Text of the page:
In the midst of the Jewish holiday season, more than 1,200 rabbis and cantors have urged Congress to pass comprehensive immigration reform.
“We thought it was a particularly good time to speak out as rabbis and cantors on this issue that really speaks to us as Americans and as Jews,” said Barbara Weinstein, associate director of the Religious Action Center of Reform Judaism, the Reform movement’s Washington office that coordinated the effort.
“For centuries, Jews were guests in others’ lands and not always treated well.”
Rabbis and cantors from the Reform, Conservative, Orthodox, and Reconstructionist streams of American Judaism made their appeal in a letter issued Sept. 12.
The rabbis called for legislation to create a clear path to citizenship, reunite separated families, further humane border protection, open legal opportunities for immigrant workers, and create avenues for refugees and asylum seekers.
According to a survey released last March by the Public Religion Research Institute and the Brooking Institution, two-thirds of U.S. Jews support allowing immigrants who are in the U.S. illegally to become citizens after meeting certain requirements. Just 13 percent say undocumented immigrants should be deported.
The letter was issued the day before the start of Yom Kippur, the Jewish Day of Atonement, and just days before Sukkot, the Jewish harvest festival that commemorates the 40 years the Israelites dwelt in the wilderness after their exodus from Egypt.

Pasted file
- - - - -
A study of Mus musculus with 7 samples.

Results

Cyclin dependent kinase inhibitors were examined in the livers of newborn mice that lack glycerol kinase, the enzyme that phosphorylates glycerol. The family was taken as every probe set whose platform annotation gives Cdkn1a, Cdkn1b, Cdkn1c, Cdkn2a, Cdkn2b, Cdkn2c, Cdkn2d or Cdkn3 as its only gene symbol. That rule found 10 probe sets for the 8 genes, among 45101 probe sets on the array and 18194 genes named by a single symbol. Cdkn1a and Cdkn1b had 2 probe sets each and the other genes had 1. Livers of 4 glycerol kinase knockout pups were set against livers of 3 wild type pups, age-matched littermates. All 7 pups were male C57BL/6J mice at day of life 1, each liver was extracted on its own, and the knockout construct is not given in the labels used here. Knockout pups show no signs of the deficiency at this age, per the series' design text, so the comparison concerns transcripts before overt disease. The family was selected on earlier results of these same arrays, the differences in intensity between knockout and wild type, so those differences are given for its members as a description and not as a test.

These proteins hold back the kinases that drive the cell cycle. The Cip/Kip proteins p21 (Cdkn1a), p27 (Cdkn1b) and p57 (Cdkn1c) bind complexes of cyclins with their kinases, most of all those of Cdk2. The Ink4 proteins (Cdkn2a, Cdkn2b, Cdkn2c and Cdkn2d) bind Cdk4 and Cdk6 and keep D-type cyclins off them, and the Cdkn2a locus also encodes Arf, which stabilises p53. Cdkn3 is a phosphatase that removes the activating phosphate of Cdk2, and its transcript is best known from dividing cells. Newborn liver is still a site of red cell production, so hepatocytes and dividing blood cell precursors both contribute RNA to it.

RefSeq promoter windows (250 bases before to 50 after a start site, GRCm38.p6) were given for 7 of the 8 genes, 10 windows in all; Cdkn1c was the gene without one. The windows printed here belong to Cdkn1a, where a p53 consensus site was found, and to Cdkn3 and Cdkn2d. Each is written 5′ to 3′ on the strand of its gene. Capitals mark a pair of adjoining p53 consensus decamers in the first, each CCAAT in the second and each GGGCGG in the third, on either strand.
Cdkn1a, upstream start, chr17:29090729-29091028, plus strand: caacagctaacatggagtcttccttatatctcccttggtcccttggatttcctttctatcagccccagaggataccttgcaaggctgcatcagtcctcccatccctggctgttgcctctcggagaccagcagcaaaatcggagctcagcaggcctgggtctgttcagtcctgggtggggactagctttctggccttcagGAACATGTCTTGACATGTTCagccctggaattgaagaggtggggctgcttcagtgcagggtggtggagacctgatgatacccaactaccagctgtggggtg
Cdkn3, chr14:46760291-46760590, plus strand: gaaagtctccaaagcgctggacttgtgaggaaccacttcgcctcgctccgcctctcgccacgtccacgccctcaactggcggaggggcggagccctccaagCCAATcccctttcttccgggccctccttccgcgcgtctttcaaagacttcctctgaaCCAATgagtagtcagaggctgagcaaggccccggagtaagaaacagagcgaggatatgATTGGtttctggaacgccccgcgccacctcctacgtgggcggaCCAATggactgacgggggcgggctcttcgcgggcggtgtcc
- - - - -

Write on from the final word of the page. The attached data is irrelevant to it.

The letter described Jewish history of having “over millennia continuously been expelled, been rejected, been freed and been welcomed,” portraying immigration reform as a reflection of Jewish values.
Weinstein said Jewish leaders had noticed slowed momentum on immigration reform. During Yom Kippur, a time for introspection, these leaders decided to make immigration reform a priority for the coming year.
“High Holy Days are the prime moment where we reflect on the year past and think about how we want to do better in the year to come,” Weinstein said. “For a long time now our immigration system has been broken and as we reflect on that we see we are in a unique moment where it needs to be fixed.”
Weinstein said the push to lawmakers is one part of a broader effort on the part of the American Jewish community to push for immigration reform, including rabbis reaching members across the country and speaking individually with representatives in Congress.
Katherine Burgess writes for Religion News Service. Via RNS.